IEEE Computing has an article, Green: The New Computing Coat of Arms? by Microsoft's Joseph Williams, CTO of WW Enterprise Sales and Lewis Curtis, an architect for developer platform and evangelism. The article is not representative of Microsoft's views, but they are the views of two people who are thinking of Green Data Centers, and have regular discussions with companies who are taking a leadership role in going Green.
An Architectural Approach to Green Computing There’s no simple path to green computing, but there are some low-hanging fruit. You can spin the dial on some straightforward actions, such as orienting racks of servers in a data center to exhaust their heat in a uniform direction, thus reducing overall cooling costs. You can also implement Energy Star guidelines (www. energystar.gov/index.cfm?c=prod_development.server_efficiency) for energy efficiencies in the data center. But these are point solutions. A
comprehensive plan for achieving green computing really does require an architectural approach.
Because of IT’s ecosystem complexities— ranging from the data center to client computing and from customer impacts to business impacts—some investment and process decisions almost always involve trade-offs, or, if you aren’t architecturally proactive in your thinking, a tapestry of unintended consequences. You won’t find a silver bullet or a single vendor solution that will magically make anyone “green.” In fact, given all the interdependencies and complexities, it isn’t entirely obvious yet what a green outcome would even look like.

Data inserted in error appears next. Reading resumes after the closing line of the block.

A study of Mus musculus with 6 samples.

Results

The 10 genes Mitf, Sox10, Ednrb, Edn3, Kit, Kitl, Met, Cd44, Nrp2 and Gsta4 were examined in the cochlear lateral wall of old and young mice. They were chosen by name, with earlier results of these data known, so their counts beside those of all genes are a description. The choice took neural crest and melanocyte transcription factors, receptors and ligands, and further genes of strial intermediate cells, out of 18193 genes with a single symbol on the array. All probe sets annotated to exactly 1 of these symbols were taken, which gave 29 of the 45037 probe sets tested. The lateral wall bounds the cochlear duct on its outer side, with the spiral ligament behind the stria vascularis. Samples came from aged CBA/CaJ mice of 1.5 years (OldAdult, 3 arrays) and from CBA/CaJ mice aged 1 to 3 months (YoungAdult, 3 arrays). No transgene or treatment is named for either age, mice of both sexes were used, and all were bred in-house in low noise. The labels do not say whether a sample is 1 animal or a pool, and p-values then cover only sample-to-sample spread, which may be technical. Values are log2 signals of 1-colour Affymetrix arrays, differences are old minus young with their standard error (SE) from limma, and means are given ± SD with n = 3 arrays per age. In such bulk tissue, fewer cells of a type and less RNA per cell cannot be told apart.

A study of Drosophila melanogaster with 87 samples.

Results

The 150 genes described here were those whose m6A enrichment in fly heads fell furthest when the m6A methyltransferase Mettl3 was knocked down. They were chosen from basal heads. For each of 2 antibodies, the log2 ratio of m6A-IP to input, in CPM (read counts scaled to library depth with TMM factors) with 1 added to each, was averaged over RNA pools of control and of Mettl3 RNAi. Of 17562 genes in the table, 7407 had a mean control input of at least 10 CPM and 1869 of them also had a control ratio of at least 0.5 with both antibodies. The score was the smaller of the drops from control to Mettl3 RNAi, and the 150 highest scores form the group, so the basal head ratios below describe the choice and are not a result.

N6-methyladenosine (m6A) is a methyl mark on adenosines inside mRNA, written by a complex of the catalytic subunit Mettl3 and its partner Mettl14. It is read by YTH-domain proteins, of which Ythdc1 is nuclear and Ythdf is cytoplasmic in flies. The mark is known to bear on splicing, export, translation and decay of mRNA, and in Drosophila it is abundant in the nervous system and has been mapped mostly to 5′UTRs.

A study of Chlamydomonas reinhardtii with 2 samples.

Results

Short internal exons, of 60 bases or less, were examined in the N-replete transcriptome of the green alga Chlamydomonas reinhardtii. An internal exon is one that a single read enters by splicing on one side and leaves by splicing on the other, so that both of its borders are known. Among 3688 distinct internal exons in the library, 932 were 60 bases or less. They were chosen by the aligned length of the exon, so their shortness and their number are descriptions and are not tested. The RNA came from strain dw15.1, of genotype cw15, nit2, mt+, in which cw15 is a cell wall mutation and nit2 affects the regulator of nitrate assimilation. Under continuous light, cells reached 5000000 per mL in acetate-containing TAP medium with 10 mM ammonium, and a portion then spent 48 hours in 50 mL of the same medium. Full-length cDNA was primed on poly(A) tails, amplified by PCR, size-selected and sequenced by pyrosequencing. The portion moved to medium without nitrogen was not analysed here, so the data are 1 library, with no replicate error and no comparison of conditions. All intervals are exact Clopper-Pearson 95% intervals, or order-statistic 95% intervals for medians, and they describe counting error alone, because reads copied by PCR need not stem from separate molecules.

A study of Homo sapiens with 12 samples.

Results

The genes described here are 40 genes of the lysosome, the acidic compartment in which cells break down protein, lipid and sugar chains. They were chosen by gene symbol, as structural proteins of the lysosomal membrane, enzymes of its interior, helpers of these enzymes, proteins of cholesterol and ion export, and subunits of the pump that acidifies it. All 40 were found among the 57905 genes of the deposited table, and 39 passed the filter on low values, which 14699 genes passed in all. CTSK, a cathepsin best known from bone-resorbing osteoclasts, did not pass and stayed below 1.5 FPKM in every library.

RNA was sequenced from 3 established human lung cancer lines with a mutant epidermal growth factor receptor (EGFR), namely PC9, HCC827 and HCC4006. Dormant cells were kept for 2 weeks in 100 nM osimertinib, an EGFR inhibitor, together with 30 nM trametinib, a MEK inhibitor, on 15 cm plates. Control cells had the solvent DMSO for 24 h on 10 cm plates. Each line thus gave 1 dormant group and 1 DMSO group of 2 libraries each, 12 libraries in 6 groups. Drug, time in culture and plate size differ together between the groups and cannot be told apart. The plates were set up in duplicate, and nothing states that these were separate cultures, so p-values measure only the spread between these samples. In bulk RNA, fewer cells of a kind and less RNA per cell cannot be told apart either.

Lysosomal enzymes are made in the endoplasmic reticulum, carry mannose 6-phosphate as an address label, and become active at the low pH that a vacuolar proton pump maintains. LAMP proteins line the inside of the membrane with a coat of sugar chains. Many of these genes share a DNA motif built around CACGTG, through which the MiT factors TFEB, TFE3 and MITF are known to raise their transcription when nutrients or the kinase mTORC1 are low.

They close with
Using an analogy from security, in the past 15 years IT has learned that purchasing a firewall doesn’t necessarily make an IT environment secure. It takes an entire security architecture to provide a vision against which secure computing can be executed. The same is true for green computing. Point solutions will help, but really addressing the issue takes an architectural view.
To be Green is going to require somebody in your company to think the way Joseph and Lewis do. The architects are there at most companies, but do they think Green?